A federal appeals court ruled two years ago that North Carolina's previous voter ID law was created with "discriminatory intent" against minority voters. 

Now the state is trying again.

After the state's voters approved a constitutional amendment requiring photo ID earlier this month, the Republican legislature unveiled last week a draft bill that does allow more IDs than the 2013 law.

According to the draft, the bill will let people use a driver's license, a U.S. passport, a military ID or veteran's ID, a tribal ID card and a newly-created ID card available at local boards of elections offices. 

The bill would allow students to use IDs from the University of North Carolina system, but would not allow student IDs from community colleges or private schools such as Wake Forest University or Duke University.

A legislative committee met Monday morning in Raleigh, with student ideas taking up much of the discussion. The full legislature returns Tuesday.

State Rep. David Lewis, a Harnett County Republican, co-chairs the joint legislative oversight committee that discussed the draft bill.

"This is a fresh bill," Lewis said. "It's different from 2013, and we are very open to improving this."

Hope Williams is president of the North Carolina Independent Colleges and Universities, which represents 36 colleges and universities in the state. She said it would be highly unusual to accept public school IDs and not IDs from private schools.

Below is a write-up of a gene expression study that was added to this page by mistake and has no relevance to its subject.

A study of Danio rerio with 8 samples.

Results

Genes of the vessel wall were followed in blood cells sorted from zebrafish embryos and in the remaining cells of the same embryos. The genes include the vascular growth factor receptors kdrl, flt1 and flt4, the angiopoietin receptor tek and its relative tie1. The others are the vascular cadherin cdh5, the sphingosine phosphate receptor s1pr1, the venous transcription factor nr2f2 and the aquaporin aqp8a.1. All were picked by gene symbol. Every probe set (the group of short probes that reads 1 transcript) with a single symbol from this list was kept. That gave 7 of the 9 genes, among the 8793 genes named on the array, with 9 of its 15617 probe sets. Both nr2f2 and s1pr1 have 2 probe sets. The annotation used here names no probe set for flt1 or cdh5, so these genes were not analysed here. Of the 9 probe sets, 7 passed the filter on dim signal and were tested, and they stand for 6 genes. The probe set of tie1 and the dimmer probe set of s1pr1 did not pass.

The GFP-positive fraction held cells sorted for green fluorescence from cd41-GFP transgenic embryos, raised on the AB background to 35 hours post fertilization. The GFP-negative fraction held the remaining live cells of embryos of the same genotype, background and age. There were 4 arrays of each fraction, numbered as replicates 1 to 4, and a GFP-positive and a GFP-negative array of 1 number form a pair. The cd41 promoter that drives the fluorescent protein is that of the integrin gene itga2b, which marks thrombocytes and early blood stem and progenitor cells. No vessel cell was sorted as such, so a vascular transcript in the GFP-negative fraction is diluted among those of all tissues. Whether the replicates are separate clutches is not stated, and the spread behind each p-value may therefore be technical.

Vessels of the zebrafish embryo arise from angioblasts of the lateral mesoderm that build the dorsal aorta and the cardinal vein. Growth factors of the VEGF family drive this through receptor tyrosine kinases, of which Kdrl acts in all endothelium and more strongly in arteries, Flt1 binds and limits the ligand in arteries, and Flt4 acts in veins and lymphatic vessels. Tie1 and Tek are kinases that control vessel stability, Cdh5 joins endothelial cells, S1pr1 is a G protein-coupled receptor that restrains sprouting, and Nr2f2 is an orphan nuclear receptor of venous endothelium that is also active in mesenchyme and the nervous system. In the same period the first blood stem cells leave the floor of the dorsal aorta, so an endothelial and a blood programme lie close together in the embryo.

"There only two states in the nation – Indiana and Georgia- that accept public sector IDs and not private college IDs,” she said.

Mary Shuping, director of government relations for North Carolina Community Colleges, also lobbied for their students to be able to use their IDs. But she said there is no uniform policy across the state for what documents are required to get a community college ID.

"Some colleges are going to ask for proof of identity such as a driver’s license of military ID or a passport," she said. "Other colleges may just ask if you are registered and you have paid your tuition, and a current class schedule and an ID will be issued.”

Democrats also want people to be able to use other state government IDs, such as employee ID cards. 

Voters without an ID would be allowed to cast a provisional ballot.

Steve Harrison is WFAE's politics and government reporter. Prior to joining WFAE, Steve worked at the Charlotte Observer, where he started on the business desk, then covered politics extensively as the Observer’s lead city government reporter. Steve also spent 10 years with the Miami Herald. His work has appeared in The Washington Post, the Sporting News and Sports Illustrated.